What Has Government Ever Done for You?


“Clicking the remote device on the Beer Pager unleashes a satisfying burp and flashing lights so you can easily locate your beer can up to 60 feet away and even through walls! Holder keeps your beverage cold, too.”


This will go into context momentarily.


Almost exactly one year ago, a massive storm hit the D.C. area, wiping out power and throwing thousands of houses 100 years back in time. Though most people never realized it, it was a great night for capitalism, an economic system that had the opportunity to remind us of just how much it has improved our lives over the decades.


That night we lost air conditioning, television, Internet, cold food, landlines and, soon thereafter, cell phones. In other words, we lived through a night that was normal for the overwhelming majority of Americans decades ago, and normal for many around the globe today.


One hundred years ago, not even the absolute wealthiest could wish to have more than a handful of what were considered luxuries – or impossibilities: Light bulbs, radios, telephones, televisions, refrigerators, toaster ovens, microwave ovens, computers, Internet, air conditioning, washers, dryers and cars.


Yet today, these are basic necessities, and even poor Americans have easy access to most of them. How far we have come. In 100 years, items that were impossible and unavailable even for the wealthiest are now basic necessities for most Americans.


So how did this happen? Did government workers invent these technologies for the benefit of the American people? Did politicians allocate money among bureaucratic departments in such a way as to birth these inventions from federal vaults? Did public-spirited, charitable engineers dedicate their time and effort to put together these items for free?


No, no and no.


One and only one thing allows most Americans today to live better than 19th Century kings (literally): It is what too many of us today label “greed.”


But Barack Obama condemns greed! How could it have accomplished good things?


Has Barack Obama or any politician like him ever brought you any technology that is of any use to you?


No. But I will tell you who did: “Greedy” investors who risked their own money in companies headed by “greedy” CEOs who worked hard throughout their lives with an eye to the top spot, and who in turn hired “greedy” engineers and “greedy” scientists who studied for their professions not out of their love for humanity, but primarily for the money available in such professions.


It is all of these people, driven by the potential of high salaries, high profit and personal benefit, who had the incentive to freely get together to invent technologies and create products that you will buy from them. If you forcefully eliminate their monetary incentives, you lose their creations – plain and simple.


Government has absolutely nothing to do with such advancements. In more limited situations, the government develops products by contracting the work out to contractors – who deliver solutions not for patriotic reasons, but for money. In isolated situations, government workers may develop a technology, and even then only by diverting productive resources from the private sector, but this is the exception rather than the rule. If anything, government usually hurts prosperity, as demonstrated by the fact that stock market growth collapses when Congress goes into session – a trend we have seen for over a century.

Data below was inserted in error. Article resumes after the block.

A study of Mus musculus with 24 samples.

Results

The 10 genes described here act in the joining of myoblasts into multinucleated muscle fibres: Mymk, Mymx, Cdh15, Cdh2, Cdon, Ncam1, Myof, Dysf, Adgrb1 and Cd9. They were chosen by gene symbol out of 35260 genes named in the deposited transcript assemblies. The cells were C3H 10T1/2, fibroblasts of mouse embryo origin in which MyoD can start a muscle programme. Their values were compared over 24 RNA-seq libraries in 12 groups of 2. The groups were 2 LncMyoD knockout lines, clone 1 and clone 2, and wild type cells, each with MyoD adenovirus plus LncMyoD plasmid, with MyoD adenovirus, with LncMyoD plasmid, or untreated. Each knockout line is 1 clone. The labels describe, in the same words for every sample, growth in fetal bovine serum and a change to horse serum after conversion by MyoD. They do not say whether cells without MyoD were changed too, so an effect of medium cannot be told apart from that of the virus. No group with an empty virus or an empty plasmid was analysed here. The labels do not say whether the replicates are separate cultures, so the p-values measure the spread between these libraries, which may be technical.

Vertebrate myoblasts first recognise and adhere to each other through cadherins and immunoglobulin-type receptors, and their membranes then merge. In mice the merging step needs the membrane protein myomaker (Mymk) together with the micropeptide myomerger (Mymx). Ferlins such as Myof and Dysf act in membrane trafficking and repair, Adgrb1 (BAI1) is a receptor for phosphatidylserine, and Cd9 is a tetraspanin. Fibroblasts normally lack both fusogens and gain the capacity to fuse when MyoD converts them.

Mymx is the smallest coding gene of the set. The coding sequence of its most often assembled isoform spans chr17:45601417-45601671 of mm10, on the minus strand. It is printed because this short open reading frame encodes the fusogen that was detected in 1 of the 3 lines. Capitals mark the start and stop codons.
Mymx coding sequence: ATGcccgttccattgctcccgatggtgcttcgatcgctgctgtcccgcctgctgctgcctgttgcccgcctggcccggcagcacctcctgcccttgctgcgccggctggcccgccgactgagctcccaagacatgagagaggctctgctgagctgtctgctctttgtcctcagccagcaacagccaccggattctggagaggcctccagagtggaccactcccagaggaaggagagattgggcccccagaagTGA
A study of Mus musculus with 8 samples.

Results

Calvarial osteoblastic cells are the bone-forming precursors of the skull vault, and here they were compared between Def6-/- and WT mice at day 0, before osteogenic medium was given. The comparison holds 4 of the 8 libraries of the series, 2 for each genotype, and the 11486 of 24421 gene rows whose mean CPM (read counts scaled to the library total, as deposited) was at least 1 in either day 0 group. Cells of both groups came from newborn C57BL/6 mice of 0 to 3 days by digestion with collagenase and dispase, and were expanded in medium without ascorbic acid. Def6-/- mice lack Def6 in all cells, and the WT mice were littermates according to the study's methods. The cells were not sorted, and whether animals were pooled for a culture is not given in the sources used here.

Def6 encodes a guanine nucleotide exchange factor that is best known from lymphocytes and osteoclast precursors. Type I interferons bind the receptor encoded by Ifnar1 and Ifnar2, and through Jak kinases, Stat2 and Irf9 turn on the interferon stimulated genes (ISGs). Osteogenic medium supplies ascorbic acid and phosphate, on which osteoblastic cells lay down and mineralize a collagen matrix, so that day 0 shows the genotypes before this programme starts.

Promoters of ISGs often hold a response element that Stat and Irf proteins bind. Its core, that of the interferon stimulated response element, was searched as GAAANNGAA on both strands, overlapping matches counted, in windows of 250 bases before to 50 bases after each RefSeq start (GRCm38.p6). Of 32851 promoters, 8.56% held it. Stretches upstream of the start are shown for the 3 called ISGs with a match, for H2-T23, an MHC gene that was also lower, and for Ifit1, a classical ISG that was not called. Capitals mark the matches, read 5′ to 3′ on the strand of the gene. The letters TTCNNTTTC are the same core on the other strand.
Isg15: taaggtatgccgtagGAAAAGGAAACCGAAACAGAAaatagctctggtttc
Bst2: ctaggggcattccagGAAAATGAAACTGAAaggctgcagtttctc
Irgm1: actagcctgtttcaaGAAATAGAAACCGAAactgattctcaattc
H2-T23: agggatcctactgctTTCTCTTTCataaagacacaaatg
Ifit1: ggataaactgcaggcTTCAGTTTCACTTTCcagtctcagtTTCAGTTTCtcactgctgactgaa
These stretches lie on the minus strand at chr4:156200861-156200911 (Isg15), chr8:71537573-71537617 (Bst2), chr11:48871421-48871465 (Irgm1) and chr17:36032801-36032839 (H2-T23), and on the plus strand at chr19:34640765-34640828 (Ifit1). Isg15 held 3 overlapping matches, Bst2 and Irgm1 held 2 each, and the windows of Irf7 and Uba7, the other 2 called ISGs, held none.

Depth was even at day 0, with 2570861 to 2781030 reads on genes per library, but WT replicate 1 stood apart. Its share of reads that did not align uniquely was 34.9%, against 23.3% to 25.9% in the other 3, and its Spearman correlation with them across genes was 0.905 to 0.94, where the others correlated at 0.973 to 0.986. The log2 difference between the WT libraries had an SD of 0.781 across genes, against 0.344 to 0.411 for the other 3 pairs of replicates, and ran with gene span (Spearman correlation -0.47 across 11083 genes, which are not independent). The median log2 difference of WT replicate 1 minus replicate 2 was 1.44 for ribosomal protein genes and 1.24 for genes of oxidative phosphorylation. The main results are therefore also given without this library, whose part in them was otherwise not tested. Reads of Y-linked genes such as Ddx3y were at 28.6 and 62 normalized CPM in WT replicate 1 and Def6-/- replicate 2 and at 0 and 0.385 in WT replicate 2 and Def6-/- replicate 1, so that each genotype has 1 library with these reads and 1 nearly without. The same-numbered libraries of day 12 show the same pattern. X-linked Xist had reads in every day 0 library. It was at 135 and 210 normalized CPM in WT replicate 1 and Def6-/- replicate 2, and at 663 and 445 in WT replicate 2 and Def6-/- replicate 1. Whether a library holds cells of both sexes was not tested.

Thanks to the private sector and free market capitalism, today’s generation is the luckiest ever, even if it does not recognize it. Economists have found that after a summer job, a student in 1949 could have purchased four items: A typewriter, a camera, a radio and a phonograph. In 2009, due to the widespread availability of cheaper products brought upon by “greedy” competition between corporations, a student could use a summer’s wages to buy not four, eight, or 12 such items, but 28 of them. These include a laptop computer, printer, camera, GPS system, 32-inch HDTV, iPod, refrigerator, camcorder, Playstation, exercise bike, air conditioner, vacuum cleaner and 16 other such products. And once again, the government had no hand in any of it.


Capitalism has made us so productive and prosperous that because most of us have the “basic necessities,” we actually have the resources to produce stuff that is so luxurious it seems entirely unnecessary.


Which brings us back to the Beer Pager that burps and keeps your beverage cold, too. And the solar-powered fan built into your hat. And the voice-activated remote control. And the radio control snack float (because picking up your drinks from the edge of the pool is too much to ask). And the USB missile launcher designed for “cubicle warfare.” And the remote-controlled rubber rat.


These are all actual products currently on the market because the private sector has already satisfied our basic needs, and is now moving on to quench our thirst for what we consider to be luxuries.


As consumers, we have sent signals to the market regarding what we wish to purchase and how much we are willing to pay for it. The market, which is composed of all of us, responded. Government is incapable of filling the market’s shoes, no matter how hard it tries.


And it has tried. Government around the world has tried to centrally “plan” economic activity, and the shining results could be seen in Cuba, North Korea and a series of former failed states that have since had to be reborn under a capitalist system. Which is why government intervention in the economy has not, and will never, do anything for you.

© 2009 North Star Writers Group. May not be republished without permission.